Tuesday, 27 July 2010

The Boy Who Cried Wolf.

It's a sad fact that most of the children I teach only know traditional tales if Disney have turned them into a film. Now I love a good animated film (unlike my friend MrsB, but frankly she's a nutjob) and have nothing against Disney but I do think our children are missing out. The first few years at school are meant to be fun and so the curriculum is largely based on fairy stories, folk tales and nursery rhymes but time and time again we find that we're starting from scratch as the children are more familiar with the songs of Michael Jackson than Mary Had a Little Lamb.

I can't help thinking they're missing out on more than just fun. Traditionally stories were also teaching aids. Cinderella taught us that we shouldn't be cruel to stepchildren (an important message given the mortality rate during childbirth until the twentieth century), Beauty and The Beast taught us the importance of looking past externals to the true character within and Puss in Boots taught us the importance of fabulous footwear. Of course the best of these have to be Aesop's Fables. I love using them at school as they're short, simple and pithy. I get the children to reproduce them as comic strips, or act them out with puppets, or retell them in their own words and I hope they learn from the message as well as achieving some literacy goals.

It seems to me that it's not just children that could learn from these fables...

I have a friend who is kind, generous and fun to be with but tells lies. It started a long time ago when he would exaggerate a little for comic effect. Fair enough. We all knew it was an exaggeration and had no problem with it, especially as the stories were amusing. Then stories started to be told about what he had said to someone. You know the type of thing,

" And the girl in the shop was too busy talking to her friend so I got the manager and said ' Your staff are treating me appallingly I'd like you to reprimand them', so he sacked the girl and I got a £50 gift voucher"


That's what he wanted to say, but it didn't occur to him until he was half-way home.
Once again we let it slide because we've all told someone we said something when really we didn't think of the witty rejoinder until we were in bed that night, alone.

And then he took it to a new level. Following the breakdown of my marriage I did the normal stalkbooking, and, as is inevitable with these matters, just succeeded in upsetting myself. My husband's new profile picture showed him being hugged by a male friend and looking for all the world like the happiest gay couple you've ever seen. I was distraught, not by my husband's sexuality, which was no shock, but by suspicions that he'd moved on within days of leaving me. One night my friend was round and I showed him the picture. Did I get words of comfort and support, did I get told to stop being so silly, that was X who'd been to my house, who was straight, who had a girlfriend...? No! I got told,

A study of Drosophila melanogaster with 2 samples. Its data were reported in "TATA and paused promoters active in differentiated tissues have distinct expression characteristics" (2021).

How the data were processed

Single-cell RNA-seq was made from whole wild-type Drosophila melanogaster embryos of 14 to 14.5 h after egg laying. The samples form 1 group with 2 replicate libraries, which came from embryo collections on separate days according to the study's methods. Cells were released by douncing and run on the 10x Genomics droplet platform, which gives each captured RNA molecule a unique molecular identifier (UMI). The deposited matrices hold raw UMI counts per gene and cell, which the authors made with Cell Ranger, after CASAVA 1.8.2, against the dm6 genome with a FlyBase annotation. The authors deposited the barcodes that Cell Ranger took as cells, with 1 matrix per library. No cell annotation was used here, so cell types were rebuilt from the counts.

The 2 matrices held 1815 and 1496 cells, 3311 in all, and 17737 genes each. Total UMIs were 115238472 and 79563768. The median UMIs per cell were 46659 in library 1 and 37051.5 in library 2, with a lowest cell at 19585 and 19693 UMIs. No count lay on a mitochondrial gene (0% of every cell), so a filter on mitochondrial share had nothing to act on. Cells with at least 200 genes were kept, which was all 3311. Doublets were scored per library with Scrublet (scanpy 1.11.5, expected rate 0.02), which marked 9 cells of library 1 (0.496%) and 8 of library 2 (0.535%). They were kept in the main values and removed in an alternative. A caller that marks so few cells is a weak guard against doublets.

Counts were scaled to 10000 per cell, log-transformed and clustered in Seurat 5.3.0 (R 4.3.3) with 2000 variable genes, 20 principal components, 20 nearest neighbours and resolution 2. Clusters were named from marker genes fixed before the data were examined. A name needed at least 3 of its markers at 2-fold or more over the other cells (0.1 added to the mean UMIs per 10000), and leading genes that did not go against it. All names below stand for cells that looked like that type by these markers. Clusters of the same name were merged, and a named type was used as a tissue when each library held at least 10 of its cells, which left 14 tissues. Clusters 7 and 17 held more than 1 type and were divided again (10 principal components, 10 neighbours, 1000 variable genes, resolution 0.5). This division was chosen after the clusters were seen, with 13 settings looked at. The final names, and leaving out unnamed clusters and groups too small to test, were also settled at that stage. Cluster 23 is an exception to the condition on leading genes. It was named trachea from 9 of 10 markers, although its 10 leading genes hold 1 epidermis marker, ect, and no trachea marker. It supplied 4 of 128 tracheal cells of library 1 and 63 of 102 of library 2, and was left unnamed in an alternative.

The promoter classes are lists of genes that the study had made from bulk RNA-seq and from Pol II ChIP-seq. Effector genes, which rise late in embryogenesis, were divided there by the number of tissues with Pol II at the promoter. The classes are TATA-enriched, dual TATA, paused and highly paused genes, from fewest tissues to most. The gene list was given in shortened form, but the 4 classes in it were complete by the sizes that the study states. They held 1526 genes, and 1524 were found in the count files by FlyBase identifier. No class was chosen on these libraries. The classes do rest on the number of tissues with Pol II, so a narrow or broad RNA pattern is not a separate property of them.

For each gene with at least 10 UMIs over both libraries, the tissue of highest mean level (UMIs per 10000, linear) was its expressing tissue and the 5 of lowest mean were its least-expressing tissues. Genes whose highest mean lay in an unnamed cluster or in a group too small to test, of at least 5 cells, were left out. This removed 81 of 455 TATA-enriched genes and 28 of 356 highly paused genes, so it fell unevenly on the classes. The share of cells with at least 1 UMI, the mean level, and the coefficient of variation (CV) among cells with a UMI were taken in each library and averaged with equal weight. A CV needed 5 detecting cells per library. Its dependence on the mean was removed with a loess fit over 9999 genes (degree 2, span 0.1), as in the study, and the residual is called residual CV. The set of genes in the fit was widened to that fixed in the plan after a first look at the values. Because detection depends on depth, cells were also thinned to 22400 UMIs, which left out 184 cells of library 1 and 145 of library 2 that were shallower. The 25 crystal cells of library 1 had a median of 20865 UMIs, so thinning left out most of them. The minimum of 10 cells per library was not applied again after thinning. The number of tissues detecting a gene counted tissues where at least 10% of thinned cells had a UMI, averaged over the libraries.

"Oh yeah, I know him, he's gay. He's out, he's on the scene, I know him."

A lie. A stupid lie. A lie that, had I bothered to believe him, would have really hurt me. My friend was so busy showing off that he failed to remember that one of the men in the picture was my husband; the man who had stood in front of an altar and promised to love me forsaking all others. He totally ignored the fact that this was someone I was still in love with.

I looked at my friend and it dawned on me that he was more concerned about telling a story and being the centre of attention than in my pain and something changed. I started to notice other fibs. A holiday we'd been told about last year- complete with details of who he'd met and where they'd gone- didn't actually happen. A night out clubbing in Birmingham was related to HullBestFriend but when I asked about the city he said he'd never been. HBF and I talked about it and realised there were discrepancies in many of his stories and in some cases we'd been told completely different things. And we started to wonder what, if anything, we could believe.

So that's the moral of my story, and of Aesop's, be careful about telling lies because the time may come when people don't believe anything you say. HBF and I are still friends with The Boy Who Cried Wolf but any time spent with him is immediately followed by frantic phone calls where we compare notes and marvel over his flights of fantasy. I'm not sure how he'd feel if he knew but I know that I'd be mortified. I'm not saying I've never told a lie as there are times lying is the less hurtful thing to do but you can trust me.

Picture from


  1. Also. You shouldn't tell lies because the truth has a horrible way of getting out anyway.

    Especially if you piss. it. off.

  2. Of course it does. Inevitably there will be witnesses who know the truth.

  3. i know ALOT of people like this and sometimes wonder if i attract them?!


Reassure me someone is reading; leave me a comment!